President Biden has watched three high-profile nominees flop in the Senate this year after Democrats failed to unify around them. Republicans argue these failures should be a “wake-up call” that Biden can’t count on getting his “extreme” nominees confirmed.
On Thursday, Michael Delaney, who was nominated for the First Circuit Court of Appeals, withdrew his nomination after it was clear he would not earn enough Democratic support in the Senate Judiciary Committee to move forward.
It wasn’t clear which Democrat or Democrats on the committee wouldn’t support Delaney. But they appeared to be swayed by Delaney’s actions in 2014, when he represented a private school involved in a high-profile student assault lawsuit and allegedly used “hardball tactics” in an effort to remove the alleged victim’s anonymity during the proceedings.
While the White House insisted Delaney was a highly qualified nominee, he appeared to be weighed down by the outpouring of calls to the committee saying he shouldn’t serve on the bench because of his role in the case. Delaney marks the third nominee from the White House this Congress that has had to withdraw from the process in a Democrat-led Senate.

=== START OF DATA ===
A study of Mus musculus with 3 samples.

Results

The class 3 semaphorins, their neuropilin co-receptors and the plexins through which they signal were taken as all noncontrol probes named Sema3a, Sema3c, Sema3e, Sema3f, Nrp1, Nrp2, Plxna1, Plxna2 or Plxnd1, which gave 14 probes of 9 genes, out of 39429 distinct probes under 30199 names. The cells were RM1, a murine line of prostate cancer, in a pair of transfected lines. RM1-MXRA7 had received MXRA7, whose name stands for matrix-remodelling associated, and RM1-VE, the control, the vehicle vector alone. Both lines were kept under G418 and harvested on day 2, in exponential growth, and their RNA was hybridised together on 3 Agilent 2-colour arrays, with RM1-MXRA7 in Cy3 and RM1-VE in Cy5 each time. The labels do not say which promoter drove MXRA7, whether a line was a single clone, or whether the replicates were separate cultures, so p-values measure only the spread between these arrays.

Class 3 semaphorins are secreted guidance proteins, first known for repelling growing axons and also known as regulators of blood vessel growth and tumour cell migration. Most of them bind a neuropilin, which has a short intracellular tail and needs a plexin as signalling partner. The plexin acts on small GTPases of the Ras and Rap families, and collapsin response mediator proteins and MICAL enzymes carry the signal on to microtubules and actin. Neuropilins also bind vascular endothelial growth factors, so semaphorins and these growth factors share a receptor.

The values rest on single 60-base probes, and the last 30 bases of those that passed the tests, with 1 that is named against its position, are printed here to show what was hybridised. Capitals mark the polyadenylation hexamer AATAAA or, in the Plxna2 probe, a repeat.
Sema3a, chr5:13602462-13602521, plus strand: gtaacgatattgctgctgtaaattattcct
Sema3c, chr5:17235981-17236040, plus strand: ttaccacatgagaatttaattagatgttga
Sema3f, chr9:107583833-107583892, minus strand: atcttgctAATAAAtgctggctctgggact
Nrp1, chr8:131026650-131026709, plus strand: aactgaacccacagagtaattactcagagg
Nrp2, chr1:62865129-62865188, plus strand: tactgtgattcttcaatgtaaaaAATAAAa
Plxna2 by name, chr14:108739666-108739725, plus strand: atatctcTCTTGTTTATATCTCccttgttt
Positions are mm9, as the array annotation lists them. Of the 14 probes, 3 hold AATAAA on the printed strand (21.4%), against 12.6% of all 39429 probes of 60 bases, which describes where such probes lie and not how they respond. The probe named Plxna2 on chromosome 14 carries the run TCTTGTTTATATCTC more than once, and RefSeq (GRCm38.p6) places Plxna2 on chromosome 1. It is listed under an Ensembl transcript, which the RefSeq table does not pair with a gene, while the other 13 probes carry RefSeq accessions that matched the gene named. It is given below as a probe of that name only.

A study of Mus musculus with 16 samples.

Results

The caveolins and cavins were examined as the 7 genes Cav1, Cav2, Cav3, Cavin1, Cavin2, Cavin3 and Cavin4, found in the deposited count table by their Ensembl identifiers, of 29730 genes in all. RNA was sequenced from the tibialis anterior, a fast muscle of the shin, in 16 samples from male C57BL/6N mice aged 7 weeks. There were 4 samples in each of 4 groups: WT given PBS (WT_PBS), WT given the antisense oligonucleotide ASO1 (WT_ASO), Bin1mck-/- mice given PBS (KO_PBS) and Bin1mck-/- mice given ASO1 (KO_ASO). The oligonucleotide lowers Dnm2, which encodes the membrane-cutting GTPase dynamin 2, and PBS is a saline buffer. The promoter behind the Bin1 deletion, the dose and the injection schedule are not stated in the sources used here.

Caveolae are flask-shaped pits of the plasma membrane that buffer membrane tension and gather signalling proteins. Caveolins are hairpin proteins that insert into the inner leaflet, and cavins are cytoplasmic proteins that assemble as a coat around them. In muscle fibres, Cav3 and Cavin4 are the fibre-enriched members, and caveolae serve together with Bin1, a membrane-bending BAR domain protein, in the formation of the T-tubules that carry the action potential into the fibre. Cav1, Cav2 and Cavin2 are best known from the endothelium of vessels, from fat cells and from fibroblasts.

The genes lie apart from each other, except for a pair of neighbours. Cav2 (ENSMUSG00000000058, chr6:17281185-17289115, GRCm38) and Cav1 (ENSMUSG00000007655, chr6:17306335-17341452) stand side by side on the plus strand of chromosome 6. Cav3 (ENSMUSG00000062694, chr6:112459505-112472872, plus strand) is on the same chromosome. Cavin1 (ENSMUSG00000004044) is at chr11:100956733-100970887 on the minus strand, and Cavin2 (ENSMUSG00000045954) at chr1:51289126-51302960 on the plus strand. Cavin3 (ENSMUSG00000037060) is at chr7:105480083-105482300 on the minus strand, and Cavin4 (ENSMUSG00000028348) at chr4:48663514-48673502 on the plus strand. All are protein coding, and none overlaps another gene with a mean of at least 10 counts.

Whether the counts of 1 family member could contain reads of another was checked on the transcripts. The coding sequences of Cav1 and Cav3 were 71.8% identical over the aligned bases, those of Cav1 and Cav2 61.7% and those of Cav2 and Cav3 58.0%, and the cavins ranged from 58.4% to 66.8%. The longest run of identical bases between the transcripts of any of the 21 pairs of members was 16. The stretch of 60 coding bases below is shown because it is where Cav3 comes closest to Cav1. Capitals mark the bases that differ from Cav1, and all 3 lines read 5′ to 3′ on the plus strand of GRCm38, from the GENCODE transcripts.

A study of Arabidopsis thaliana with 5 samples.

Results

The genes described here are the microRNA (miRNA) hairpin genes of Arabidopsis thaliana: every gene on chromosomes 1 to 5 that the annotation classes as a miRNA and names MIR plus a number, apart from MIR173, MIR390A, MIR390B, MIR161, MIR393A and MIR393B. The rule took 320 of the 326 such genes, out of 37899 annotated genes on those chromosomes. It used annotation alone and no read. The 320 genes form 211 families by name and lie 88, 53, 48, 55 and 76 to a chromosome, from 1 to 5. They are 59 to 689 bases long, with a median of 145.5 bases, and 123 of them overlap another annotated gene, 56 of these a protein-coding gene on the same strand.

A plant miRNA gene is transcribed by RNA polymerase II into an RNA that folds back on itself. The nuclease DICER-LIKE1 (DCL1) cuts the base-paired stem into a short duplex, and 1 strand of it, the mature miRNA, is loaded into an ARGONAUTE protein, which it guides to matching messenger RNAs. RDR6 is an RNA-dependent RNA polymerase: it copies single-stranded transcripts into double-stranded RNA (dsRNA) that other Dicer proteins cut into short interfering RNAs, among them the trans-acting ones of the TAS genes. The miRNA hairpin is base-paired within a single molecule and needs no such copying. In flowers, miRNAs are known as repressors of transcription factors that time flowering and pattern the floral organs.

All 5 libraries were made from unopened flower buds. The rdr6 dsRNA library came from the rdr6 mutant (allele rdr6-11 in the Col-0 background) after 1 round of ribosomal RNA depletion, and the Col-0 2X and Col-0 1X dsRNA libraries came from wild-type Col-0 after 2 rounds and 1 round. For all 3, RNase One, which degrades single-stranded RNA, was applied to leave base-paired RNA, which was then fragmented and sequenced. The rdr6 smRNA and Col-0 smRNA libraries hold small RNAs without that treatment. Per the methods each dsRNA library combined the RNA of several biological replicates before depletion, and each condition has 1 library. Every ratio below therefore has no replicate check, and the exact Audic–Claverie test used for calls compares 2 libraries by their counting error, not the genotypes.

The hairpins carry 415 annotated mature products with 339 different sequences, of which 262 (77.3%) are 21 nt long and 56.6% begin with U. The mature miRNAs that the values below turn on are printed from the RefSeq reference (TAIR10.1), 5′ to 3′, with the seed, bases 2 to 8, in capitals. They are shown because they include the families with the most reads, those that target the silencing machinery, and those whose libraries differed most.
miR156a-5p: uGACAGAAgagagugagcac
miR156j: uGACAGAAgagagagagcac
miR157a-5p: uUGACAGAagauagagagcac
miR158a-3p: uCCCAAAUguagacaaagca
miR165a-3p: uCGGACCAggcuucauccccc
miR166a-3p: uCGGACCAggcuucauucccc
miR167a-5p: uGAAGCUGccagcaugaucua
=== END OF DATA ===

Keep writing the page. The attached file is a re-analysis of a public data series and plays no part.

He also was a party to a lawsuit as CEO of Denver International Airport that alleged discriminatory and retaliatory practices.
Transportation Secretary Pete Buttigieg said at the time of Washington’s withdrawal that he was “an excellent nominee.”
Cruz urged Biden to nominate someone else with an “extensive” background in aviation who can “earn widespread bipartisan support in the Senate and will keep the flying public safe.”
Republicans this week said these failed nominations should send a message to the White House and even some Democrats on the committee that they must select moderate nominees to win approval in a Senate Democrats narrowly lead 51-49.
He noted that Rachel Rollins, the disgraced U.S. Attorney in Massachusetts, resigned this week after she was found to have abused her office by committing “egregious” ethical violations. Republicans had warned against Rollins during her nomination process, but Cotton said those warnings were ignored and dismissed as partisan by Democrats who voted unanimously to move her nomination forward.
“Republicans have given bipartisan support to the vast majority of the president’s nominees. I hope my Democratic colleagues will begin to realize that when we do raise serious concerns about, not only the professional record but the character and integrity of the nominees, it’s worth listening with an open mind,” Cotton said Thursday.
Ranking committee member Sen. Lindsey Graham, R-S.C., warned Thursday that having a majority in the committee means the majority party can “tend to pick people that are being pushed by the most partisan folks on either side of the aisle.
“And I will continue to support my colleagues’ discretion, collaborating with the White House to pick people … but it can’t be without bounds. So, Mr. Chairman, this is sort of a wake-up call for all of us.”